The Daily Wildcat


    Professors inducted into prestigious society

    Groundbreaking research earned UA professors induction into the American Association for the Advancement of Science’s new class of fellows.

    Carol A. Barnes, a psychology and neurology professor, and Nancy A. Moran, an ecology and evolutionary biology professor, are two of 471 scientists who will comprise the new class, to be honored at the Fellows Forum in Boston on Feb. 16.

    The nomination process began with a “”steering group”” that selected potential new members and presented their recommendations to the AAAS, which then voted on the nominees, Barnes said.

    “”It’s truly an honor to be recognized by your peers,”” Barnes said. “”The fact that two UA faculty have been recognized this year is tremendous for the university.””

    Barnes, the director of the McKnight Brain Institute at the Arizona Research Laboratories and former president of the Society for Neuroscience, joined the UA faculty this fall and teaches a course on gerontology.

    Her research focused on how the brain changes during the aging process and the functional

    It’s great to have recognition, but to be honest, it doesn’t make much difference to me personally. I become much more excited about a new scientific finding.
    – Nancy A. Moran, professor, ecology and evolutionary biology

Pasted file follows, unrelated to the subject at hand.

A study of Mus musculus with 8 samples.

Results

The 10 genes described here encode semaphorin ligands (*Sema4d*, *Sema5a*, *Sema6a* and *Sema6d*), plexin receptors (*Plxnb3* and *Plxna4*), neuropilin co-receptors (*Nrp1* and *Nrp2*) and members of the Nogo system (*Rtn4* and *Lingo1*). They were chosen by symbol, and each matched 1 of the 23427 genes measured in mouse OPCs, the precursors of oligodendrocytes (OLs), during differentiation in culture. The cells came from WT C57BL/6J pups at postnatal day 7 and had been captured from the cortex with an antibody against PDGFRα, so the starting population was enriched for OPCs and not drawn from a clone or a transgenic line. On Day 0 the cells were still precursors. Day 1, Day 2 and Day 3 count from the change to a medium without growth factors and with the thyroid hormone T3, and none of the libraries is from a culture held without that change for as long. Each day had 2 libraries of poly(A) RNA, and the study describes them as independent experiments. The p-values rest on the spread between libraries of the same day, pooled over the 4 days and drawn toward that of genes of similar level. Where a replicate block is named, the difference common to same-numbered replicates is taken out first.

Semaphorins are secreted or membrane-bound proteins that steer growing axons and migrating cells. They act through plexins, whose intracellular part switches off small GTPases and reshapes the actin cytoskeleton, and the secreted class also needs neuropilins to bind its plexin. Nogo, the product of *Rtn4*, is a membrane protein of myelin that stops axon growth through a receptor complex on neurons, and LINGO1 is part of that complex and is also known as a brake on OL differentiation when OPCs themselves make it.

consequences of these changes on information-processing and memory in the elderly.

    “”This honor will certainly strengthen my visibility in the scientific community,”” Barnes said.

    Moran has been a UA faculty member since 1986 and has taught various courses, including Evolutionary Biology, Introductory Biology and Genomics. She researched the genomics of symbiotic bacteria and is currently on sabbatical, splitting her time between the University of California, Berkeley and the Joint Genome Institute.

    Moran said she doesn’t get too worked up about awards and honors.

    “”It’s great to have recognition, but to be honest, it doesn’t make much difference to me personally,”” Moran said. “”I become much more excited about a new scientific finding.””

    Moran said she even forgot to tell her husband about her induction.

    “”I would never forget to tell him if I had an interesting new result from research,”” she said. “”Awards are fine, but just doing science is more gratifying.””

    Even so, Moran said the prestige of the AAAS is hard to ignore.

    “”The AAAS is a very important organization promoting science in the U.S. and the world, so I am honored to have this recognition,”” she said.

    The American Association for the Advancement of Science is a nonprofit organization that serves approximately 10 million individuals, according to the AAAS Web site. It was founded in 1848 and is the world’s largest general science society. The organization also publishes the journal Science, which has a readership of approximately one million.